The ITF brought together nine unions from Belgium, France, the Netherlands, Spain, the UK and the United States for this first XPO strategy meeting, on 6 April in Paris. They exchanged information about logistics company XPO’s business plan, current operations, acquisitions, corporate governance and key investors, and shared their experiences of working with XPO.
Participants also learned how the ITF’s safe rates campaign might apply to their XPO strategy. Based on previous ITF experience of building an international union network around a common employer, the unions developed a plan for XPO and agreed to set up a network to ensure good communications, co-ordination and solidarity.
Since 2011 US-based XPO Logistics has acquired 16 transportation companies, including Norbert Dentressangle and Conway, and seen its revenue soar from USD177 million that year to USD15 billion in 2015. Bradley Jacobs – XPO’s largest shareholder, chairman and chief executive officer – has embraced this strategy in pursuit of dramatic profits for himself and investors.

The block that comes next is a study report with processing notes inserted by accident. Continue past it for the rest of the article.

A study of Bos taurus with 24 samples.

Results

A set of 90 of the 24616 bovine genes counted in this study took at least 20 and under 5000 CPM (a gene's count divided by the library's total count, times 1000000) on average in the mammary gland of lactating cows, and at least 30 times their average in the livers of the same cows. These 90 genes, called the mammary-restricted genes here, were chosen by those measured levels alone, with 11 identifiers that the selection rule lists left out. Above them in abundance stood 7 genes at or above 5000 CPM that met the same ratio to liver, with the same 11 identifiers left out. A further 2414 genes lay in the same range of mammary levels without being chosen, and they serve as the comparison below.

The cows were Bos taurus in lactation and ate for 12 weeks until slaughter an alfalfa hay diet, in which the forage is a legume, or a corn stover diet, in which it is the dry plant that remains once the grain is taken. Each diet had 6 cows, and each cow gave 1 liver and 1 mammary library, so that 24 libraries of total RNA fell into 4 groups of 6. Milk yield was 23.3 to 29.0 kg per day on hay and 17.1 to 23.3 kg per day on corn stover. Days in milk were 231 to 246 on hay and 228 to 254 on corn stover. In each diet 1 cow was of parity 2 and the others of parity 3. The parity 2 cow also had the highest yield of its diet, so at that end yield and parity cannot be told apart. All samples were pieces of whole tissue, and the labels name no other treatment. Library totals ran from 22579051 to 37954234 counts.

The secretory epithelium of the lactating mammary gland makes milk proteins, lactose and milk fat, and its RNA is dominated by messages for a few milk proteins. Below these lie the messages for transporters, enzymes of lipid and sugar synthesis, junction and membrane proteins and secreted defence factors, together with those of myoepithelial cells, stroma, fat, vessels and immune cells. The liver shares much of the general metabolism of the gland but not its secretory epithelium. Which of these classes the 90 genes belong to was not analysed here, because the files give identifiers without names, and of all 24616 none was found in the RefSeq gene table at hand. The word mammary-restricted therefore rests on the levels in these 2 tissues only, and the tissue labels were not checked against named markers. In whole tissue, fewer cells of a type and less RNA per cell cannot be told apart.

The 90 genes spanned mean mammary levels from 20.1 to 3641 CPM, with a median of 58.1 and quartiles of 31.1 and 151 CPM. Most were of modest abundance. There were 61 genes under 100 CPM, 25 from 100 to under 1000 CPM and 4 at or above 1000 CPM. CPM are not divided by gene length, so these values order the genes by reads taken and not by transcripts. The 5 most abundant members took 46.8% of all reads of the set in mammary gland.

Unions and workers at XPO are greatly concerned that this focus on short-term profits will lead to loss of employment, lowered pay and benefits, social dumping, wage theft and degradation in safety standards, alongside anti-union behaviour and the denial of workplace rights.
Nick Weiner, port campaign director of the US Teamsters union, said: "This first XPO strategy meeting was truly an inspirational success. After learning our unions have shared concerns and challenges in securing a just future for XPO workers in our respective countries, we decided we must unite in order to achieve justice for all XPO workers. With such solidarity, I am confident we will be successful.”
The chair of the meeting, Alain Sutour of CGT Transports, France, commented that unions together during the meeting kept the ITF congress spirit alive by organising concretely how workers would strike back within XPO. He added that the multinational’s management would know that from now on it would have to deal with a united front by workers, whatever their nationality.